What to do when you have spent five years trying to stop a massive federal road project to no avail? Take a walk and say good bye to the gentle one lane curves, old growth forest, and northern spotted owl (NSO) habitat. That’s what members of my community did in semblance of a Maori custom to remember and honor the passing of an important place. As Hyampom, CA resident Marilyn Renaker described the event:
We are taking this opportunity to honor the beauty of the road, and also to honor the people who first built it. These days, the past is often bulldozed away without a second thought. We go on with what is newer, bigger, supposedly better. This road was the work of many people over many winters. With mules and horses laden with equipment, they made a path into a road. They had to blast and clean debris and when they finished in 1923, an era ended. Cars entered Hyampom for the first time and the Land of Trails disappeared. Many of us will miss this old road, just as we miss the hardiness of the people who built it. We will miss it’s beauty, it’s familiar twists and turns. We will miss how it made Hyampom seem special–a hard place to get to, but worth it for the wise.
The Hyampom Road is a 24-mile long, partially one lane road connecting this remote community of about 230 residents to the outside world. It is the only paved road into the valley that is maintained throughout the year. Residents agree that there are places on the road that need repair, but the federal government plans to turn this lonely road into a “forest highway”, increasing lane widths, blasting hillsides, logging old growth forests, creating fake wetlands to mitigate construction, etc. all in an effort to “improve forest access”. Meeting after meeting, the Federal Highway Administration (FHWA) has stated that the road improvements are not for the citizens of Hyampom, and with Arnold speaking about building new dams, we can’t help but feel paranoid our wild and scenic river will succumb to the water needs of Southern California. At a projected cost of over $50 million (in 2007 dollars), the federal government will be spending almost $220,000 per Hyampom resident on the road. With the current rate of inflation and fuel costs, the total price will likely increase by $10 million, as the project will not be completed until 2015.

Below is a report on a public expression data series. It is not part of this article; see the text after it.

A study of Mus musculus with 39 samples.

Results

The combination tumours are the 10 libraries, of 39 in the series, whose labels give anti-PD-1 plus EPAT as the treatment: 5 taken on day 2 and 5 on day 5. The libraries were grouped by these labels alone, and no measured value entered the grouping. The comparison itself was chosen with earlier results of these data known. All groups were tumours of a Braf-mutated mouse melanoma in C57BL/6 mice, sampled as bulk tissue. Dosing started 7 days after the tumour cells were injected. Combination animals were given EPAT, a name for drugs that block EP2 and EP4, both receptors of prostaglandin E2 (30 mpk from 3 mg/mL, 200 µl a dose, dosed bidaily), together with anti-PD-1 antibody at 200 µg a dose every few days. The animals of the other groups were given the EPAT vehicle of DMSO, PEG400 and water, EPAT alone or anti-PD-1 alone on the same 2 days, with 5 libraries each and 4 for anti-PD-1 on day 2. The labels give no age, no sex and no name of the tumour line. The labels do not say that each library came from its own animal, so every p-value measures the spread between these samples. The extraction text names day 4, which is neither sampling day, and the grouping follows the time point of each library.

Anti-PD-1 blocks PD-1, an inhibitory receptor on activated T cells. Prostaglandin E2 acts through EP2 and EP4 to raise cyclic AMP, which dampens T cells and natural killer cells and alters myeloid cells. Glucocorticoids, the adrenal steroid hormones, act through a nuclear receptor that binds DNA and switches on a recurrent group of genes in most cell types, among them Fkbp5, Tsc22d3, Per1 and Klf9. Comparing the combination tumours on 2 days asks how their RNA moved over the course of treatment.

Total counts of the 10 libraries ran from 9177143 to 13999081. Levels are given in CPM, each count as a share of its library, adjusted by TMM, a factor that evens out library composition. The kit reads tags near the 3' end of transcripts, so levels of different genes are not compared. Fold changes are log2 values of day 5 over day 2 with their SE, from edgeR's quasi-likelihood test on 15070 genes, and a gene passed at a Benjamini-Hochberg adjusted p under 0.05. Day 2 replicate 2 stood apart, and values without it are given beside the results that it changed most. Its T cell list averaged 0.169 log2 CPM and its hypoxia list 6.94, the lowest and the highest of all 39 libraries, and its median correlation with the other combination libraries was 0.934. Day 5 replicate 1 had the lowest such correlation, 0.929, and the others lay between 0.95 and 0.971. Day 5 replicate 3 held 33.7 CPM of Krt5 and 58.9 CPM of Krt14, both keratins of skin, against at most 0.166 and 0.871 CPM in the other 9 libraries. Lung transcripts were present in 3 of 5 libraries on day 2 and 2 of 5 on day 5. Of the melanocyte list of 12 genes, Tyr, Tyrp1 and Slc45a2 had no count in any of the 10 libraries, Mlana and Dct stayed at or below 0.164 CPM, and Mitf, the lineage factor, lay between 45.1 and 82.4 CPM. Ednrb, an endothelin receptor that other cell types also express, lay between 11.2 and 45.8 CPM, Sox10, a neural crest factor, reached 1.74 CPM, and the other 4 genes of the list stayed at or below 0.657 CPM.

Five years is a long time to be fighting a project whose cost continues to rise at each meeting. The FHWA has produced a “Finding of No Significance” to the human or natural environment, despite four hour road closures without an official detour and logging of NSO, fisher, salmon, etc. old growth habitat. Many members of our community have felt insulted and not heard as we have voiced our concerns to the county and federal government. We have gained small victories along the way, including reducing the scope and size of the project, but the inevitable construction will occur. At one point, the Trinity County Board of Supervisors had rejected improvements upon the one lane section of the road, only to be muscled by the federal government and a petition by some residents into reconsidering their decision.
So, we say goodbye to a road that means a lot to us. Traveling along that one lane road surrounded by old trees and sheer cliffs is what attracted many of us to this area. It is a road that you have to respect and be gentle on its curves, as it does not lend itself to the hurried, fast paced life many of us left behind in order to live here. Progress always comes at a cost, and we fear one truly wild, unique place will be lost to road improvements.